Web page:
Cheap tools and online interaction have flipped how things get made. Instead of launching a book or film and hoping it finds an audience, artists can now find an audience and collaborate their way to a product. Is that good?
Here’s something the Internet has taught us about media: failure is cheap. With abundant and inexpensive tools to make, distribute, and market news, books, movies, or music, the cost to succeed is nearly zero.
Here’s something else we’ve learned: when the cost to succeed is nearly zero, just about anyone can compete with just about anyone else. That’s why Aston Kutcher can take on CNN or a small studio in Yugoslavia can compete with Pixar. When everything is flat, the risk of falling over is nil.
While removing the barriers to the means of production has the obvious effect of making everyone a producer, what has been less obvious is how the relationship between the producer and consumer of media has changed.
Media used to be made at what could be described as the “front end” of the process. I produce a song or book and release it to the market where it is consumed and talked about.
A product leads to a conversation…
But now that my cost of experimentation is zilch—and networks enable me to be in constant communication with people who share my interests—the diagram can just as easily be flipped and start at the “back end.” I can talk about and share my ideas with you, and once we have a collective vision of the “thing,” I can produce it (to then have you consume it).
A conversation leads to a product…
Furthermore, if the thing I produce (or we produce) is dispensable (like songs or stories), you might consume more of it and the process can stop being linear altogether…
Changing how we create
This change in how—and when—media is produced and consumed is the essence of “product to process,” an idea that emphasizes less static production and more iteration among the participants. Product-to-process suggests that we’ve shifted from a monologue to a dialogue and part of what constitutes “the product” is sharing the actual making of it.
Fans of comedian Ze Frank immediately understand this concept. Frank’s success is based on the constant negotiation among him and his fans/followers/friends about what kind of comedy should be produced: when, where, how, and for what reason.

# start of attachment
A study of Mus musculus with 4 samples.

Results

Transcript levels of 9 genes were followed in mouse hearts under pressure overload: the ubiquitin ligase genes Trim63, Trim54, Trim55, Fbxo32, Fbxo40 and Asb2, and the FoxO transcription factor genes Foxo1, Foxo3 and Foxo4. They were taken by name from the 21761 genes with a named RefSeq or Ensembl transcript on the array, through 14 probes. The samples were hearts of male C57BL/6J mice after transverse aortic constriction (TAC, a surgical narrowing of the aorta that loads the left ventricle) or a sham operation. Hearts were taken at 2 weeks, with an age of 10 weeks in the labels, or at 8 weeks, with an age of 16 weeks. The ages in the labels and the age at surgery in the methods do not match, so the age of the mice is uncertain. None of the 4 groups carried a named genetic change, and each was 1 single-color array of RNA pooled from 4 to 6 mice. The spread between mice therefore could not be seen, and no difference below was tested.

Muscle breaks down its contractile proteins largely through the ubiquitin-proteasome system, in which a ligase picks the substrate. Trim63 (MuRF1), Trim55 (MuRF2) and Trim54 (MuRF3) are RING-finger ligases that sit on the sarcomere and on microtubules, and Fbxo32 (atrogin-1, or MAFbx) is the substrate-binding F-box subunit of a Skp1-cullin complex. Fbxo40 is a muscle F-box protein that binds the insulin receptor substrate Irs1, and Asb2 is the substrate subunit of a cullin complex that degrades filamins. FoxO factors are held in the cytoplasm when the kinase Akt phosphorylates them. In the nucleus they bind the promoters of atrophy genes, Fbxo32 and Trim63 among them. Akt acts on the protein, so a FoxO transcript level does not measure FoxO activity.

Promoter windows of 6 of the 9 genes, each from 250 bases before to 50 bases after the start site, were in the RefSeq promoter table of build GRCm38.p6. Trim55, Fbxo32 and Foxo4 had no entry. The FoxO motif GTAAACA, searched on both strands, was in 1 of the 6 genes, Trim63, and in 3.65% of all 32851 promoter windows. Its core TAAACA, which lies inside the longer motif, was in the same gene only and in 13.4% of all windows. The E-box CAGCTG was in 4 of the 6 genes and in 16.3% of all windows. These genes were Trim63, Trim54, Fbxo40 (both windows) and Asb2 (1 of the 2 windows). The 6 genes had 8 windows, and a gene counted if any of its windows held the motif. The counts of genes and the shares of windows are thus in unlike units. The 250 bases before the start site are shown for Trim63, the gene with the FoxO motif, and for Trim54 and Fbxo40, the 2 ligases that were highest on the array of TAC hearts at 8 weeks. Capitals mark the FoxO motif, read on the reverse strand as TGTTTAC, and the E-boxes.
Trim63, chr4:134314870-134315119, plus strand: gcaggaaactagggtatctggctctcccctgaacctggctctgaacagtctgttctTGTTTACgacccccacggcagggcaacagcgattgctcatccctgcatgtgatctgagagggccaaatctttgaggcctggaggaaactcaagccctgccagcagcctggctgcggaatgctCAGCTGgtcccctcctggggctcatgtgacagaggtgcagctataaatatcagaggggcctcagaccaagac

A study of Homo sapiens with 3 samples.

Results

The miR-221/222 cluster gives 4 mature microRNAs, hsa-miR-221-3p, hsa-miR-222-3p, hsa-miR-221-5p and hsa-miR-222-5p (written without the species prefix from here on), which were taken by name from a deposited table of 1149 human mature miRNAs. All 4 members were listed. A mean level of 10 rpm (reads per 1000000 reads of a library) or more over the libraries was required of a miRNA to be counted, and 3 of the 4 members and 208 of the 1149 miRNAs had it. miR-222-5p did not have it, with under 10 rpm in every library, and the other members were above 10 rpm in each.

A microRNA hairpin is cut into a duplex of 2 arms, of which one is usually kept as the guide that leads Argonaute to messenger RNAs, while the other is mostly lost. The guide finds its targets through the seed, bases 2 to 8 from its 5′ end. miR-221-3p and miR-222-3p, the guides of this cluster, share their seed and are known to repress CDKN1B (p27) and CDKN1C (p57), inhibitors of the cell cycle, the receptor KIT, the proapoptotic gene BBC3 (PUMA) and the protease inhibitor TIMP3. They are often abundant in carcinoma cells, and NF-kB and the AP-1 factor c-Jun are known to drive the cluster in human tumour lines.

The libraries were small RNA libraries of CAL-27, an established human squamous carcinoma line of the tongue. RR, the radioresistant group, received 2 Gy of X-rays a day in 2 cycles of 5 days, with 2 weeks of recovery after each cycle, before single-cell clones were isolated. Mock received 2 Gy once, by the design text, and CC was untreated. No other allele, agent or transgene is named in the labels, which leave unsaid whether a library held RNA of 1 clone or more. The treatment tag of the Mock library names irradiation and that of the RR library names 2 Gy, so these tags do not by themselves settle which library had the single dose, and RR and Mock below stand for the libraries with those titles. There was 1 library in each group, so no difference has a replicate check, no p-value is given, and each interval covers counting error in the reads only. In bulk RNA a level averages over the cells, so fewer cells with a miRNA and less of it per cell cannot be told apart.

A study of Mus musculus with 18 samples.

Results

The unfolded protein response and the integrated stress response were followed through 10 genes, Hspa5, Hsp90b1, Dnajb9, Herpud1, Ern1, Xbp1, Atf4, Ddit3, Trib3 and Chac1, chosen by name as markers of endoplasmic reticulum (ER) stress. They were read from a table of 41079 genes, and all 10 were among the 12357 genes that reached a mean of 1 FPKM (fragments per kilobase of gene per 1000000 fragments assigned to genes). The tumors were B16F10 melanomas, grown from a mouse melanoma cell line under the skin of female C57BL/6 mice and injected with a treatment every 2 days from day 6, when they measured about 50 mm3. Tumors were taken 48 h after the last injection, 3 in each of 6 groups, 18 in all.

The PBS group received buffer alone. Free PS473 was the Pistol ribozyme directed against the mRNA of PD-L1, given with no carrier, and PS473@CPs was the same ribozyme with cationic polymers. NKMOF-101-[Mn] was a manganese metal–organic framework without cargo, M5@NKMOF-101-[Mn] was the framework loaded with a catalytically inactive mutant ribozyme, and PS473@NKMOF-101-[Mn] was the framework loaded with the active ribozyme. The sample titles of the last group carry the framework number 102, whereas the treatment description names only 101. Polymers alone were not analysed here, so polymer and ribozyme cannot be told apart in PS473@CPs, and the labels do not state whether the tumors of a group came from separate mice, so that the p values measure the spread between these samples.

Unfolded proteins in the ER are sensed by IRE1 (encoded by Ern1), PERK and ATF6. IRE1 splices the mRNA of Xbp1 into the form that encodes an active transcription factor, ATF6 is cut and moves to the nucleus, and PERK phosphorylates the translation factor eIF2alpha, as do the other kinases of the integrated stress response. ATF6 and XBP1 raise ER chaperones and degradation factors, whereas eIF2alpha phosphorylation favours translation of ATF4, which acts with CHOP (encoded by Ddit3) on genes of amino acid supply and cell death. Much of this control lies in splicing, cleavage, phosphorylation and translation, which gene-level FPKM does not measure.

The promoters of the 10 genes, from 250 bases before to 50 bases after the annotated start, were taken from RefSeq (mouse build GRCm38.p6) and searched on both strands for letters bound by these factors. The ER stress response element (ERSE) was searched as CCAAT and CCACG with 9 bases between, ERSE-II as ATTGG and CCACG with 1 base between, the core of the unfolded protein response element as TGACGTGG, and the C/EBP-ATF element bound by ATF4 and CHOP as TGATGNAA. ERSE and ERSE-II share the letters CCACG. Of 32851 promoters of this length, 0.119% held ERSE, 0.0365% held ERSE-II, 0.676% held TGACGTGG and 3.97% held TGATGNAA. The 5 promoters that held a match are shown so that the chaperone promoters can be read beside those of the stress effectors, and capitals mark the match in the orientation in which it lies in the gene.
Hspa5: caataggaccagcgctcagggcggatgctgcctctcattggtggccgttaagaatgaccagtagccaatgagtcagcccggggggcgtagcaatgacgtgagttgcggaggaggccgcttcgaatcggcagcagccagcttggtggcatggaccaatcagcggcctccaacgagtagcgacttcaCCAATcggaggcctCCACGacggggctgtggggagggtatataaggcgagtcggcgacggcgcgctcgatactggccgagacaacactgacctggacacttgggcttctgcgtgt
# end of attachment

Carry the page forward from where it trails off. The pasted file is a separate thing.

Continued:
Writer Christian Lander stumbled onto “product to process” as he blogged about Stuff White People Like. His posts drew so much attention (an average entry generated more than 600 comments) that he was a) able to source new topics from his fans and b) use his posts, traffic, and fans to negotiate a “traditional” publishing deal. Process first, product second.
Visual artist Koldo Barroso sees the shift. A children’s book writer and illustrator, Barroso has begun a collaborative storytelling process (a phrase we particularly like) on his blog, creating the story and pictures with input from, and in tandem with, his fans. The end result will be a picture book that isn’t “inspired” by Barroso’s fans as much as it “includes” his fans, an accomplishment that simply wasn’t possible before networks and the evaporation of interaction costs.
Changing how we consume
As new tools continue to improve the fidelity of our interaction and the quality of our output, not only will the process continue to morph, but also how we consume things. When you participate in inspiring or creating a product, what exactly are you buying? And for the people who “orchestrate” the making of something, what exactly are they selling?
For Heather Armstrong, the über mommy blogger known simply as Dooce, the explicit answer to “what are you selling?” is: advertising (to her sponsors) and books (to her readers). But the implicit answer is different. Because she’s involved in a regular communion with her fans (many of whom inspire her postings and responses), what Armstrong truly offers is community; what her fans consume is interaction.
Then there’s JibJab, the jocular eCard purveyor from LA. For years, what you bought from JibJab was clear: clever cards with zesty animations. They produce, you consume. But recently they added technology that allows people to personalize animations with their faces. Buyers now pay a premium to insert themselves into the action and, essentially, “finish” the product. Years ago, a greeting card that was “unfinished” would have been returned. Today, we pay extra for it.
Finally, a more intricate pattern of consumption is Threadless, the peer-produced t-shirt manufacturer from Chicago. What do fans of Threadless buy? Most obviously, tshirts. But tshirts are really just the currency of the Threadless marketplace. What people really buy is tastemaking—the opportunity, through voting, to decide what cultural epitaphs are enshrined on people’s bodies for a season. Threadless is this generation’s MTV, only their videos are experienced one frame at a time and must be rinsed in cold water lest they run.
Not answers, but questions
For artists, the shift from product to process (and back again) is both mesmerizing and bewildering. Creatively, this new model can feel just as limiting as it does liberating. What happens to artistic vision? To surprise? To auterism? And commercially, things quickly become byzantine. What happens to my publishing deal if I pre-release my stories online? Who’s my publisher, anyway? Should I produce a limited edition book through Blurb and a mass-released version through Chronicle Books? Or the other way around?
There’s no easy answer to any of these questions. Really, like the switch from product to process, we need a switch from question/answer to answer/question. The answer is: things have changed. The real struggle now is asking the right questions.
Here are a few starters: Why are you important to people? Why are they important to you? And what can you do to make that importance more obvious?